Nearly 31 million viewers watched live U.S. television coverage of Donald Trump’s presidential inauguration, far fewer than tuned in to Barack Obama’s first swearing-in, but otherwise the biggest such audience since Ronald Reagan entered office, ratings firm Nielsen reported on Saturday.
The tally for Trump – 30.6 million viewers on 12 broadcast and cable networks that aired live coverage from about 10 a.m. to 6 p.m. EST – surpassed the TV audiences measured for his two most recent Republican predecessors – both inaugurations of George W. Bush and the one of his father, George H.W. Bush.
The 2009 inauguration of Obama, who became the nation’s first African-American president that year, was watched by nearly 38 million viewers, the second-highest number since Nielsen began compiling such figures with Richard Nixon’s 1969 oath of office.
Only Reagan drew a bigger U.S. TV inauguration audience, with nearly 42 million viewers tuning in to see the California Republican sworn in for his first term in 1981. Just 25 million watched Reagan take his second oath of office four years later.
Trump’s total was greater than both swearing-ins of Democrat Bill Clinton – 29.7 million and 21.6 million – and the second inauguration of Obama, who drew an average audience of over 20.5 million in 2013, Nielsen said.
George W. Bush holds the distinction for having the least-watched inauguration in Nielsen’s historical data – 15.5 million viewers in 2005 after he defeated John Kerry for his second term in the White House. That was down sharply from the 29 million who tuned in for Bush’s first oath in 2001, following his contested election victory over Al Gore.
The elder Bush by comparison averaged 23.3 million viewers.
Nixon, a Republican, was the only two-term president since Nielsen began compiling such records to draw a bigger audience in his second inauguration than his first, rising from 27 million in 1969 to nearly 33 million in 1973.
The only Democrat besides Obama to ever score more inauguration viewers than Trump was Jimmy Carter, with 34.1 million viewers watching his 1977 swearing-in, according to Nielsen.
(Reporting by Steve Gorman; Editing by Leslie Adler)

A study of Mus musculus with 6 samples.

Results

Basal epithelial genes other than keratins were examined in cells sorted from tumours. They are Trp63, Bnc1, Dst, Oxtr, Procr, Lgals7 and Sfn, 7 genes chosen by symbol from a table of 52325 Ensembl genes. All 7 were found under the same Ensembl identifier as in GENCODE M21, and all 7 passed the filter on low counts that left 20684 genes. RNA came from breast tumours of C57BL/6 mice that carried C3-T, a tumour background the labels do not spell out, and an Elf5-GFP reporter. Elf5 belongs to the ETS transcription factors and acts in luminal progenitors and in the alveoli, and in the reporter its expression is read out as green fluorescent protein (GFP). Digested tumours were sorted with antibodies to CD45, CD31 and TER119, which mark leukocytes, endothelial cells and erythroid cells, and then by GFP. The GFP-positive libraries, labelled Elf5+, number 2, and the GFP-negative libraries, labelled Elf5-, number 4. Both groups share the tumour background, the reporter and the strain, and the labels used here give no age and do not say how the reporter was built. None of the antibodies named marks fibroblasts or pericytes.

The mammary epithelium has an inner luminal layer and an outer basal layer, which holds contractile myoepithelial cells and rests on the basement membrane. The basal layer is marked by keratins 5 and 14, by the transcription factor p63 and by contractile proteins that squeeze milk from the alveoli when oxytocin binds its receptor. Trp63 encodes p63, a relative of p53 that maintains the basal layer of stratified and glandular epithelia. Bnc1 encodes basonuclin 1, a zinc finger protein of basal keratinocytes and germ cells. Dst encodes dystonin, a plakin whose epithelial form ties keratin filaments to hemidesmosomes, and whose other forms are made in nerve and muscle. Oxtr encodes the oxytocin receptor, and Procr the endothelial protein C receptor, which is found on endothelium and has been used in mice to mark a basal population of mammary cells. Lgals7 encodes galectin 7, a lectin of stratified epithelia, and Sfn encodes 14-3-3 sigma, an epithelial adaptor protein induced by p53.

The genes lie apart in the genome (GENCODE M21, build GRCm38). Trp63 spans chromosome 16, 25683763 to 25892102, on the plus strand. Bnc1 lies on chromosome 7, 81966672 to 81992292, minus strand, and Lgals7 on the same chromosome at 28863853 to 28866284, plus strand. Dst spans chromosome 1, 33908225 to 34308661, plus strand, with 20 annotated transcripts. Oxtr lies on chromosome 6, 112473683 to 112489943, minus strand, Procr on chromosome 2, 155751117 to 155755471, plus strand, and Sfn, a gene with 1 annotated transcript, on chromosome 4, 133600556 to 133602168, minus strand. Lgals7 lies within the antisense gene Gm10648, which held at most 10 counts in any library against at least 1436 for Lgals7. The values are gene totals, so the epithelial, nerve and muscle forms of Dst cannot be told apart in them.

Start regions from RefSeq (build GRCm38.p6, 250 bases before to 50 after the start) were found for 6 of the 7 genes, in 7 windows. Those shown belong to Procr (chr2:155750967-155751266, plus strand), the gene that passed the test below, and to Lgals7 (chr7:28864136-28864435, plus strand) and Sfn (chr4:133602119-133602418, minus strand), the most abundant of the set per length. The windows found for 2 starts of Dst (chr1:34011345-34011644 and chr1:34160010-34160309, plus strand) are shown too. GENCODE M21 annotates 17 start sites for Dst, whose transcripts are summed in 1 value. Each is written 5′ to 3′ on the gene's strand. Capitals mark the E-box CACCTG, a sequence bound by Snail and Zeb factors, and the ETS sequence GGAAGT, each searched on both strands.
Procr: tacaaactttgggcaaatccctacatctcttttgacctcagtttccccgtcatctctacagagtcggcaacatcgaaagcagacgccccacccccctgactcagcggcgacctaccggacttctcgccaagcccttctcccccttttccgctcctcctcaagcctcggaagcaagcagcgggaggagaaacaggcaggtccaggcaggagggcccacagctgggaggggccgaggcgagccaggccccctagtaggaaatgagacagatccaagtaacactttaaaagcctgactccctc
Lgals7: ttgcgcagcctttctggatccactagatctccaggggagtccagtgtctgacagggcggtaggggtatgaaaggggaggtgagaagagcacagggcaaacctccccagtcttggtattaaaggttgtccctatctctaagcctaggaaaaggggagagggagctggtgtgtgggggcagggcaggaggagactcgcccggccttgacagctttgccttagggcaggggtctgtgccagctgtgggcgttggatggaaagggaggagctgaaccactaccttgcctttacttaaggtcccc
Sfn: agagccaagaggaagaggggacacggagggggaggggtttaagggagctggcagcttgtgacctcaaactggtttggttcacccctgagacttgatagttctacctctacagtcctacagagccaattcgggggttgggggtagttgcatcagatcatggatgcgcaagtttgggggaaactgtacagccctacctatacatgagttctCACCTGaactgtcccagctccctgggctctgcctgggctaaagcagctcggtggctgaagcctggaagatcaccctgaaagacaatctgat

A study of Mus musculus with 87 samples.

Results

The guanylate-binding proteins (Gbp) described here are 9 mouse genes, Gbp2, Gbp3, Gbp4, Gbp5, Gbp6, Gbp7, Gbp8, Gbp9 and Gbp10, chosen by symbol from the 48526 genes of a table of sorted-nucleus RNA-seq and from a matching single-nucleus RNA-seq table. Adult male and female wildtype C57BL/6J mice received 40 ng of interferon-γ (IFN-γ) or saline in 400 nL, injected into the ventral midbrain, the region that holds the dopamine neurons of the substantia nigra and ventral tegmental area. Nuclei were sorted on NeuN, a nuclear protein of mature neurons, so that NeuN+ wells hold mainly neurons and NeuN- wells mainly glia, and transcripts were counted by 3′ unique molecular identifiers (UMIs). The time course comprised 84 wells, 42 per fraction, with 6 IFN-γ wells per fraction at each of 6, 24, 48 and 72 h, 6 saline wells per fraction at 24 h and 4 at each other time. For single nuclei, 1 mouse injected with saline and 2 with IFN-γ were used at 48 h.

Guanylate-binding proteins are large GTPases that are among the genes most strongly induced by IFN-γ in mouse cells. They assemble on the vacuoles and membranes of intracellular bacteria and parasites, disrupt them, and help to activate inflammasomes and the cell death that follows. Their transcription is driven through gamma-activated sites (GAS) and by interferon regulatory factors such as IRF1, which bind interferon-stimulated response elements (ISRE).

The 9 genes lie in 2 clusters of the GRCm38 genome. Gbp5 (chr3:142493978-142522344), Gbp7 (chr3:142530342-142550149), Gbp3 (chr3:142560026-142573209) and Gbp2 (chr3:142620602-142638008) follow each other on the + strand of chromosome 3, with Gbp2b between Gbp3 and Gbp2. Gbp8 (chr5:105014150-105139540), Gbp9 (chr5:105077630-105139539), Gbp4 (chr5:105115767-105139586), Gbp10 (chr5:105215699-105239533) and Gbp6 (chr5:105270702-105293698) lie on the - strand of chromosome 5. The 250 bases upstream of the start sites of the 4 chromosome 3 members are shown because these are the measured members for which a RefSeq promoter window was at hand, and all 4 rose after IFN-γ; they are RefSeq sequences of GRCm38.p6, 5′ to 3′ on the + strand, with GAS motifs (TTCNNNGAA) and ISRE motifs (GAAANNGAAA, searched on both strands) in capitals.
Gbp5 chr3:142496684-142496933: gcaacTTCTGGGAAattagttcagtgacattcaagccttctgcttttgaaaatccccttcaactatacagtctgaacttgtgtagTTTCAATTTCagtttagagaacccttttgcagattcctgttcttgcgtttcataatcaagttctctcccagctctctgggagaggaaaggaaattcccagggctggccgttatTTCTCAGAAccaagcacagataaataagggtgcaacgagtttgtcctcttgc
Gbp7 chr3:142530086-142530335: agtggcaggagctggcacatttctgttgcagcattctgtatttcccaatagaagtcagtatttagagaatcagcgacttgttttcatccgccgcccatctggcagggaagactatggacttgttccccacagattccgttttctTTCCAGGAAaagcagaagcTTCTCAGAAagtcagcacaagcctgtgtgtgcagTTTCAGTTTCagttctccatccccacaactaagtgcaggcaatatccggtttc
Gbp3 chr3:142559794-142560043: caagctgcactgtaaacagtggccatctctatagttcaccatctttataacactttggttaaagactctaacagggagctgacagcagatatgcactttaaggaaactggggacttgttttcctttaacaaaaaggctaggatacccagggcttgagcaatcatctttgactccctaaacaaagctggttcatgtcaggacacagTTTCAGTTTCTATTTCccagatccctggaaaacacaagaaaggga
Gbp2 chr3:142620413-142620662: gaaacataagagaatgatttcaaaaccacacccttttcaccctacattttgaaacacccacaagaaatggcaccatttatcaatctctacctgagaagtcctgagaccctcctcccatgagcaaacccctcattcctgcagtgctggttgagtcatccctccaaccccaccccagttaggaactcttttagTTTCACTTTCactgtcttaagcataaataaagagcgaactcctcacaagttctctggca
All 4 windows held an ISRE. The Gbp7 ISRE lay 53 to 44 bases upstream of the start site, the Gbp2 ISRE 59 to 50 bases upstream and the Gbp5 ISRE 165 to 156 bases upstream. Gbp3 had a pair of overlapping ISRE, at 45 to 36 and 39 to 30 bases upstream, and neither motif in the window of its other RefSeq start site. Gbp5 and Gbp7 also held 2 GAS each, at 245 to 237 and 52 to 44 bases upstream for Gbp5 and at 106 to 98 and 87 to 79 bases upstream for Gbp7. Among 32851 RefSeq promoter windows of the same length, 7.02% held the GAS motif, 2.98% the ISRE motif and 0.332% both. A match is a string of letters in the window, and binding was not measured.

Russian Twitter propaganda predicted 2016 US election polls
But one conclusion was unequivocal: Russia unleashed an extensive campaign of fake news and disinformation on social media with the aim of distorting U.S. public opinion, sowing discord and swinging the election in favor of the Republican candidate Donald Trump.
Beto O’Rourke calls for a ‘war tax’ in release of health care plan for veterans
The Democratic presidential candidate uses his eighth policy announcement to focus on an area that he prioritized in Congress.
Democratic presidential candidate Beto O'Rourke on Monday morning released a plan to improve the lives of veterans, returning to an area of priority during his time in the U.S. House for his latest 2020 policy rollout.
In keeping with measures he supported in Congress, the plan calls for a "responsible end" to the wars in Iraq and Afghanistan — reinvesting $1 out of every $2 saved in veterans programs — and the creation of a Veterans Health Care Trust Fund for each future war. The fund would be paid for by a "war tax" on households without service members or veterans.
Conservative Ben Shapiro tweeted something many found offensive — so now he’s calling his critics ‘garbage’
Right wing "thought leader" Ben Shapiro appeared today to say not using the "N" word is nearly impossible as he defended conservative, pro-gun teen Kyle Kashuv, one of the Parkland survivors who just had his acceptance to Harvard rescinded over his racist remarks, which included repeated use of the "N" word.
To be clear, Shapiro denies that's what he meant.
Here is Shapiro on Twitter, in what many took as him appearing to call not using the "N" word – in Kashuv's case, repeatedly, over and over and over again, "an insane, cruel standard no one can possibly meet."